When U.S. National Security Advisor Jake Sullivan and China’s top diplomat, Yang Jiechi, first met in Anchorage, Alaska, the tension was palpable. The March meeting devolved into a public dressing-down from Yang, in front of the press. In a 20-minute tirade, Yang demanded that the U.S. “fully abandon the hegemonic practice of willfully interfering in China’s internal affairs” after his U.S. counterparts raised the issues of Hong Kong, Xinjiang, and Taiwan in their opening remarks.
Their second meeting, held in Zurich, Switzerland, between Yang and Sullivan was decidedly more standard diplomatic fare. There were no public spats in front of cameras, just boilerplate statements released from official channels.
Given the current state of China-U.S. relations, that return to standard diplomatic practice counts as progress. The mere fact of the meeting at all is notable, as in-person conclaves between top officials from the two sides have been few and far between. Aside from the March meeting, which also included U.S. Secretary of State Antony Blinken and Chinese Foreign Minister Wang Yi, there have been two visits to China by the U.S. climate envoy, John Kerry, and a trip by Deputy Secretary of State Wendy Sherman. No Chinese officials have traveled to the United States since the Anchorage talks.
According to the White House readout of the talks, the meeting between Sullivan and Yang “followed up on the September 9 phone call between President Biden and President Xi in which the leaders discussed the importance of maintaining open lines of communication to responsibly manage the competition” between China and the United States.
Notably, according to the readout Sullivan “raised areas where the United States and the PRC have an interest in working together to address vital transnational challenges,” meaning there was a focus on potential areas of cooperation rather than merely the two side’s now well-known disagreements. The latter were included too, of course: “Mr. Sullivan raised a number of areas where we have concern with the PRC’s actions, including actions related to human rights, Xinjiang, Hong Kong, the South China Sea, and Taiwan,” the readout said. But the overall takeaway was the commitment to more dialogue.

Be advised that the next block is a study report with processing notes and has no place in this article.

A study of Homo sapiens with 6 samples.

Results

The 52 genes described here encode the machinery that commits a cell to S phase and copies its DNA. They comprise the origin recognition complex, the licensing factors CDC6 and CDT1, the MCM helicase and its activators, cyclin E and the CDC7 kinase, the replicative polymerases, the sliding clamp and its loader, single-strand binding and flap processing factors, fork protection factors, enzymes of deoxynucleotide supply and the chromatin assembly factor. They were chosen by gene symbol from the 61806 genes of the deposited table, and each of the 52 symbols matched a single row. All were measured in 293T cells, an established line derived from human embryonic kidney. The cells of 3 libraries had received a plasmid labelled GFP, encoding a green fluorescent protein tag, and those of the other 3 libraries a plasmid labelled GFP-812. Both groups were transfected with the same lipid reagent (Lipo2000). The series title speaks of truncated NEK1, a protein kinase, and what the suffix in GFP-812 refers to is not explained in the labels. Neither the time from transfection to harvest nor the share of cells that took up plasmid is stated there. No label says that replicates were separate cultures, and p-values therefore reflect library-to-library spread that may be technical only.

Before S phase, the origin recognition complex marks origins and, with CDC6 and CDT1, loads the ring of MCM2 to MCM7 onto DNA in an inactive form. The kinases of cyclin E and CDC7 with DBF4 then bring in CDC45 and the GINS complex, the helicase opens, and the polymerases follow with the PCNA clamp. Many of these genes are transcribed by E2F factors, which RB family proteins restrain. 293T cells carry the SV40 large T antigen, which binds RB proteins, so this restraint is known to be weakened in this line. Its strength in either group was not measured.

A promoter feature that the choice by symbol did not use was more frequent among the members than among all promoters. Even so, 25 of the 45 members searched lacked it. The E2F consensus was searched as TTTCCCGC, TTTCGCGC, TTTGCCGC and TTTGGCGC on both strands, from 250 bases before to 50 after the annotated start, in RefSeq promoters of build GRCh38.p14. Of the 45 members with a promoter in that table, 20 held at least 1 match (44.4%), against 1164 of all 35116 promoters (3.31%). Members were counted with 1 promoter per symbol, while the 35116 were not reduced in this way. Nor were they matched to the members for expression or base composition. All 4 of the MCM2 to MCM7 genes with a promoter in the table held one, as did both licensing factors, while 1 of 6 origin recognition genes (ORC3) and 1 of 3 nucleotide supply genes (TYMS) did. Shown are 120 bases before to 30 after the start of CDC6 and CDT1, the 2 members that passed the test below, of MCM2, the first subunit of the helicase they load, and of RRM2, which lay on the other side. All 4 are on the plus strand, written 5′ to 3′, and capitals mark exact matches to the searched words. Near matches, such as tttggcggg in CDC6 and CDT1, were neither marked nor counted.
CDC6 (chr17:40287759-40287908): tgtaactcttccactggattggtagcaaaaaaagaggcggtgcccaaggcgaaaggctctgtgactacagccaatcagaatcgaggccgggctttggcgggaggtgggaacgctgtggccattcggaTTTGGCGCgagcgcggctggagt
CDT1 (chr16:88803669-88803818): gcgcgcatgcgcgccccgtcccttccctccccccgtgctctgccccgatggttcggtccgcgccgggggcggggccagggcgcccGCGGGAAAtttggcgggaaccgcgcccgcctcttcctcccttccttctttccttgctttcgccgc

“Mr. Sullivan made clear that while we will continue to invest in our own national strength and work closely with our allies and partners, we will also continue to engage with the PRC at a senior level to ensure responsible competition,” the readout concluded.
The summary of the meeting from China’s Foreign Ministry also emphasized the commitment to “strengthen strategic communication” and “properly manage differences.” The Chinese readout called the talks “constructive and conducive to enhancing mutual understanding.” It included a similar list of topics discussed, from “Taiwan, Hong Kong, Xinjiang, Tibet” and maritime issues to areas for cooperation like “climate change and regional issues of common concern” (almost certainly including the new Taliban government in Afghanistan).
“China values President Biden’s recent positive statements on China-U.S. relations,” the statement summarized Yang as saying, noting especially Biden’s recent commitment not to engage in a “new cold war.”
The most important outcome was not included in either statement: a reported agreement to put together a virtual summit between U.S. President Joe Biden and Chinese President Xi Jinping before the end of the year. It would be the first face-to-face talks between the two. To date, Biden and Xi have held two phone calls, one on February 10 and one on September 9.
Earlier, there had been speculation that Biden and Xi might meet in person on the sidelines of the upcoming G-20 summit, to be held in Rome at the end of October. But China has signaled that Xi will not attend in person, in keeping with his refusal to travel anywhere abroad since the COVID-19 pandemic began in earnest. Now there is the potential for Xi’s virtual attendance at the G-20 summit to include a bilateral talk with Biden.
White House Press Secretary Jen Psaki told reporters on October 6, “We’re still working through what that would look like, when, and, of course, the final details.”
On the need for a Biden-Xi summit at all, she added that “leader-level engagement is an important part of our effort to responsibly manage the competition with China, especially given the coalescing of power in Chinese leadership.”
Meanwhile, despite the overall positive tone, the Sullivan-Yang meeting in Zurich came amid spiking tensions in the Taiwan Strait. China has sent record numbers of military aircraft into Taiwan’s air defense identification zone (ADIZ) since the beginning of October.
In an interview with Bloomberg on October 6, the same day as Sullivan and Yang’s meeting, Blinken called China’s actions “provocation and potentially destabilizing” and called for a halt.
“[T[here’s always the possibility of miscalculation, of miscommunication, and that’s dangerous,” Blinken said, adding, “…We need to see China stop these actions.”